Flipping

I buy books. And sometimes I read them. This blog is for the times when I do more than just store shelf candy.

Wednesday, March 3, 2010

I Flipped through Julia Alvarez's How the Garcia Girls Lost Their Accents

How the Garcia Girls Lost Their Accents (HTGGLTA)
by Julia Alvarez
ISBN 0452268060
290 pages
My copy was purchased on March 11, 2008 from Booksale and read January 22, 2010.


This is my first review for the A to Z challenge. As usual, I indulged in my bad habit, reviewcastinating.
I also took my time before writing a review because I wanted to be fair to Julia Alvarez. You see, I read this book after reading Jeanette Winterson's The Passion, an exceptionally well written book. And HTGGLTA followed at the heels and suffered unfairly in comparison.

Which is not to say that HTGGLTA is not well written. Alvarez is an able writer, an entertaining story teller. She writes with a successful mixture of drama, humor, and depth. It's an enjoyable, engaging book with endearing characters who are easy to relate to. Alvarez picked up elements from her own life and from historical realities to convincingly write this coming-to-America meets coming-of-age novel.

The novel is a loosely woven collection of episodes that tell of the Garcia sisters' departure from the Dominican Republic and their life in America, only said in reverse chronology from 1989 to 1956. Alvarez engages us with stories of how they escape as political refugees; how they struggle in their new life in a land that is ironically a land of promise but where they have none of the power, influence, and stature they enjoyed back home; and how they assimilate into the American lifestyle.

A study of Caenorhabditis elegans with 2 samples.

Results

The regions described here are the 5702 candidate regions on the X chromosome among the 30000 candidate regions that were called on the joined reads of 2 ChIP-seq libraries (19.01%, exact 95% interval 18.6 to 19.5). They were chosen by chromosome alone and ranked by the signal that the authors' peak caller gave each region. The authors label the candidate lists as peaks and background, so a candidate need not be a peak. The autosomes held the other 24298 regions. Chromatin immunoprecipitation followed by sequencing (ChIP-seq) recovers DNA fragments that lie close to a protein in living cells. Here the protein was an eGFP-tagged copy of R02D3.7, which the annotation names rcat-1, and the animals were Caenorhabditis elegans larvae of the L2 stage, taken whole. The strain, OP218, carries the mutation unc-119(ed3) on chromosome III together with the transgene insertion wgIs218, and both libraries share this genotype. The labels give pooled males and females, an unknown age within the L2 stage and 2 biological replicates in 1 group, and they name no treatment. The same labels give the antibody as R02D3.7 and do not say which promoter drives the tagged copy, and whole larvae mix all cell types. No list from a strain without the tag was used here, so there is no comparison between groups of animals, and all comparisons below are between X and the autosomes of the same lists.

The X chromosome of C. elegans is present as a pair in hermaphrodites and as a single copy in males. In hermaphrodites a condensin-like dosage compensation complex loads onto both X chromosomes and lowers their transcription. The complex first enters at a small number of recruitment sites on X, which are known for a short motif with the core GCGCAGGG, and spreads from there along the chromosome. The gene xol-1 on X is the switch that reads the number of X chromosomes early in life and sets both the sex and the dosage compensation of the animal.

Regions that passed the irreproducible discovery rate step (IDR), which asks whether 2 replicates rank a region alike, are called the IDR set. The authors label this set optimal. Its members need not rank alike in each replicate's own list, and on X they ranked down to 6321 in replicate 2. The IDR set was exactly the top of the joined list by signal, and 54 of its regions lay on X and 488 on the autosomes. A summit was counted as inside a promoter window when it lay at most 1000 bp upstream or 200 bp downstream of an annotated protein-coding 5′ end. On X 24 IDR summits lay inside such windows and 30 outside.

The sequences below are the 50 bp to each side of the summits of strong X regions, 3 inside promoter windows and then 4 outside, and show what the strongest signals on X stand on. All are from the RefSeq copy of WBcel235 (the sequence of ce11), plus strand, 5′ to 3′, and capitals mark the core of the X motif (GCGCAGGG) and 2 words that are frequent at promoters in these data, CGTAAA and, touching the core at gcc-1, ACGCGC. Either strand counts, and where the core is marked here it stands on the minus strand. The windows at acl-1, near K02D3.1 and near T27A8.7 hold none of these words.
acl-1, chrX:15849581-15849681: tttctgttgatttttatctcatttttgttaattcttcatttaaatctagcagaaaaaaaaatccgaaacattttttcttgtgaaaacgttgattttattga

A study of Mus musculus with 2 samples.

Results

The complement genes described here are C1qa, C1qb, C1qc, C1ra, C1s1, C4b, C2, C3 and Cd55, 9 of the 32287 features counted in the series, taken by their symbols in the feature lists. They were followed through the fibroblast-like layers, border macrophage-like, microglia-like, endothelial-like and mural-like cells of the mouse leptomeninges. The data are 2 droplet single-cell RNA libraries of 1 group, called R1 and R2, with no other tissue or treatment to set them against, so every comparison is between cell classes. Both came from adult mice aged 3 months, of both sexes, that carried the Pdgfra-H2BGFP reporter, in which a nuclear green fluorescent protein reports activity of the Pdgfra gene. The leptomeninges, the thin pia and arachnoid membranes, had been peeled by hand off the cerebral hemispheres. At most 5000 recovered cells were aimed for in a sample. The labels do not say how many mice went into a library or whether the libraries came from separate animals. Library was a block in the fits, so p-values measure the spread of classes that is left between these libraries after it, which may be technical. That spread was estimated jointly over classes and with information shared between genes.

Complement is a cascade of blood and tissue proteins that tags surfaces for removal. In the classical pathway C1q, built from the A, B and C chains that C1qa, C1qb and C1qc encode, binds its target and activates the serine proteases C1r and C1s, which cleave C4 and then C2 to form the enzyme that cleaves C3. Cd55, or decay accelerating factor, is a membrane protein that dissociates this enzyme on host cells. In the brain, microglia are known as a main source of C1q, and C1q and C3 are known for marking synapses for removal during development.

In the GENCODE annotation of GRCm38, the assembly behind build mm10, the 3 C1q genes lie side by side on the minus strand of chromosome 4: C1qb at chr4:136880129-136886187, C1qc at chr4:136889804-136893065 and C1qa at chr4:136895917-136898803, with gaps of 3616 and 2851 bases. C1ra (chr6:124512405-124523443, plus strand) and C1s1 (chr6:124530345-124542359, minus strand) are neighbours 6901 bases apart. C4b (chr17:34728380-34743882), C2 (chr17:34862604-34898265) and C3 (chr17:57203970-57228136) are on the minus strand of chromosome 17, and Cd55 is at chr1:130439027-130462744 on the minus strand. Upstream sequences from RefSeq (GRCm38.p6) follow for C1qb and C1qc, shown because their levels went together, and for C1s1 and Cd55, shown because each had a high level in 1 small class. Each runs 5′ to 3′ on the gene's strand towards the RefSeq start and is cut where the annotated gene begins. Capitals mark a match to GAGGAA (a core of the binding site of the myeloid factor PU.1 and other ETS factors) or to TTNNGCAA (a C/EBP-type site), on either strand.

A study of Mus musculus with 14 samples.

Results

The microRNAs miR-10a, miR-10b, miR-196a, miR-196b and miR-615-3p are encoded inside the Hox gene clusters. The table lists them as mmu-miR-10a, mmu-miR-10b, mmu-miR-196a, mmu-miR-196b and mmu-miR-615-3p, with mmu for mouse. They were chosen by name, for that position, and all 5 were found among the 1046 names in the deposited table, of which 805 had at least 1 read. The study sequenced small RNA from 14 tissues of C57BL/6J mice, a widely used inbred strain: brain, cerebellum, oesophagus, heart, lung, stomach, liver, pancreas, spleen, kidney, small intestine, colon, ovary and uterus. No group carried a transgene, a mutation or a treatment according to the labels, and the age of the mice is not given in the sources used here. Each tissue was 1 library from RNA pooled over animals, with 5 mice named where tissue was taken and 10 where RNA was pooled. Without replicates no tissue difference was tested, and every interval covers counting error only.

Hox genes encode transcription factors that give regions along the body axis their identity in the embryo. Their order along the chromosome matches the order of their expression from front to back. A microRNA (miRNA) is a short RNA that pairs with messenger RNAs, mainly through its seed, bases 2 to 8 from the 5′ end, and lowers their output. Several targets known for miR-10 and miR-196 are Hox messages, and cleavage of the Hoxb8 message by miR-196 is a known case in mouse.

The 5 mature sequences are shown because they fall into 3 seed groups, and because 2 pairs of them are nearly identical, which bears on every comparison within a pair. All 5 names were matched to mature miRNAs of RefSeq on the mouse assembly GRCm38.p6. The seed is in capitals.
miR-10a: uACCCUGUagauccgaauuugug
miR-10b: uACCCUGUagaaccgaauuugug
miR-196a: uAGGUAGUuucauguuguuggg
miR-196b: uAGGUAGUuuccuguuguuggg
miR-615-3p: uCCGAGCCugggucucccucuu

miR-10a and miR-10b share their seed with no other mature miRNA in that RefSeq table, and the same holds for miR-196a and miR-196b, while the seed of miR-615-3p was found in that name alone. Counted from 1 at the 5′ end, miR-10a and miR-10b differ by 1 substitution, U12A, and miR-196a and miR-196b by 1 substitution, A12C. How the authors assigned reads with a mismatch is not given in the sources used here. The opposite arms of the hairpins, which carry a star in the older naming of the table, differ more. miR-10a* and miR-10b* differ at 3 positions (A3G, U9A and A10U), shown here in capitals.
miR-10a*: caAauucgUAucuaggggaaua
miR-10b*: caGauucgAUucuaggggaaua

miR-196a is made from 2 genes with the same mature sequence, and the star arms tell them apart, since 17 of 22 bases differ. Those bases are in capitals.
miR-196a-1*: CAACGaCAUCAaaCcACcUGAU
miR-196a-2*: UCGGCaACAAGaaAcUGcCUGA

Carla, the eldest, is the psychotherapist of the bunch, and she gets a lot of flak for her self-help jargon. Sandi or Sandra is the pretty one with an eating disorder. Yolanda is the writer and poet. And Sofia is the rebellious one who marries on impulse. And they all took turns being the wildest one. Though all the sisters shine through in the story telling, each one with a distinct character, it is Yolanda who plays the most important role, presumably representing Julia Alvarez herself. The novel starts with her visiting their birthplace many years after they left for America, and ends with a childhood story about a magnificent drum and a frightful cat.

The story that I found most interesting is Sandi's. Away in graduate school, she becomes obsessed with having to read all the great written works because she does not have a lot of time left before she evolves from human to monkey. She reads and reads and reads, and crosses off books from her reading list, and stops eating until she's "toothpick-thin," and reads and reads. Except for the parts about ceasing from eating and becoming a monkey, my book geek friends and I can certainly relate to the fear of leaving this earth without first having read all the books we must read.

And that is why I am taking the A to Z challenge. To read and to read and to read. And Julia Alvarez, though not quite a great work, is a pretty good read.